NEW YORK (MainStreet) — Once again, the gift card reigns supreme.
According to the National Retail Federation, Americans plan to spend a total of $27.8 billion on the plastic present this year, with each consumer shelling out an average of $155.43, up from $145.61 last year. The total puts gift card spending at the highest it has been since 2007 and also sets up the gift card to be the season’s most popular gift for the fifth year in a row.
While it’s understandable why many people give gift cards – they are convenient and don’t require much thought – there are plenty of reasons to get more creative in 2011. MainStreet rounded up a few reasons why you should ditch the gift cards this holiday shopping season.
They can increase your holiday spending.
The numerical value prominently displayed on the corners or in the envelopes of each gift card you buy can unconsciously lead you to throw more money into a gift.
“[Consumers] may spend $25 instead of $20, $5 more than they intended to,” Clarky Davis, spokesperson for CareOne Debt Relief Services, told MainStreet in October. She says that buying a small gift without the price tag displayed on it will help you stay within your allotted budget.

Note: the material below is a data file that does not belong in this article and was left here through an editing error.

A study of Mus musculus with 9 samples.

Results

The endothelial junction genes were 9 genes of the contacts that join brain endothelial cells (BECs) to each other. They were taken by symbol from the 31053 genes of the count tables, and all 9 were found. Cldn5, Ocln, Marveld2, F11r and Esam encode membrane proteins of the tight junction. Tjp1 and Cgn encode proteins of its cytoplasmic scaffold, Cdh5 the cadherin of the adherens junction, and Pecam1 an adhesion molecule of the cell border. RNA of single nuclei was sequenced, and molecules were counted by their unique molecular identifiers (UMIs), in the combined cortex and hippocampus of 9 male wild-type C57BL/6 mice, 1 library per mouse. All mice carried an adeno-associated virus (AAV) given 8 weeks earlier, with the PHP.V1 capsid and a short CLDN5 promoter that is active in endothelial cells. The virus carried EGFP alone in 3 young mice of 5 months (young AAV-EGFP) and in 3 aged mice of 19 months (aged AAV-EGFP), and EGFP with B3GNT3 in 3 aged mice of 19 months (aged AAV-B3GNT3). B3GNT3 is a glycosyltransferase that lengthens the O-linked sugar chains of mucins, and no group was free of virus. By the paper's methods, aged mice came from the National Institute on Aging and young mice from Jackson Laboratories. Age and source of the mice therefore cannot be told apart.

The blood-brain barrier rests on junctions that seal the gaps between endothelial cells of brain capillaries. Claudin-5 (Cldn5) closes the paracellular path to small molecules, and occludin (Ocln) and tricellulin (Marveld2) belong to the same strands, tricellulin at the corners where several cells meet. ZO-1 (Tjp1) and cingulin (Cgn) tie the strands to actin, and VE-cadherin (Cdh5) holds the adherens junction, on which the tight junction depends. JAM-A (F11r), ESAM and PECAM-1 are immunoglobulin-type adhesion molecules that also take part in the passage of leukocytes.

There’s fine print you’ll need to worry about.
While new regulations put limits on gift card expiration dates, there are still some fees retailers can bury in their gift cards’ fine print. This includes purchase fees, fees for inactivity, dormancy or service charges when there has been no activity on the card for at least a year, transaction fees every time the card is used and other miscellaneous charges for balance inquiries, adding funds or replacing lost or stolen ones.
While many retailers have ditched fees entirely in order to remain competitive, consumers should still read through the disclosure form, which must be provided at the point of a gift card’s purchase, before selecting which ones to buy, something you won’t have to do when buying a nice box of chocolates.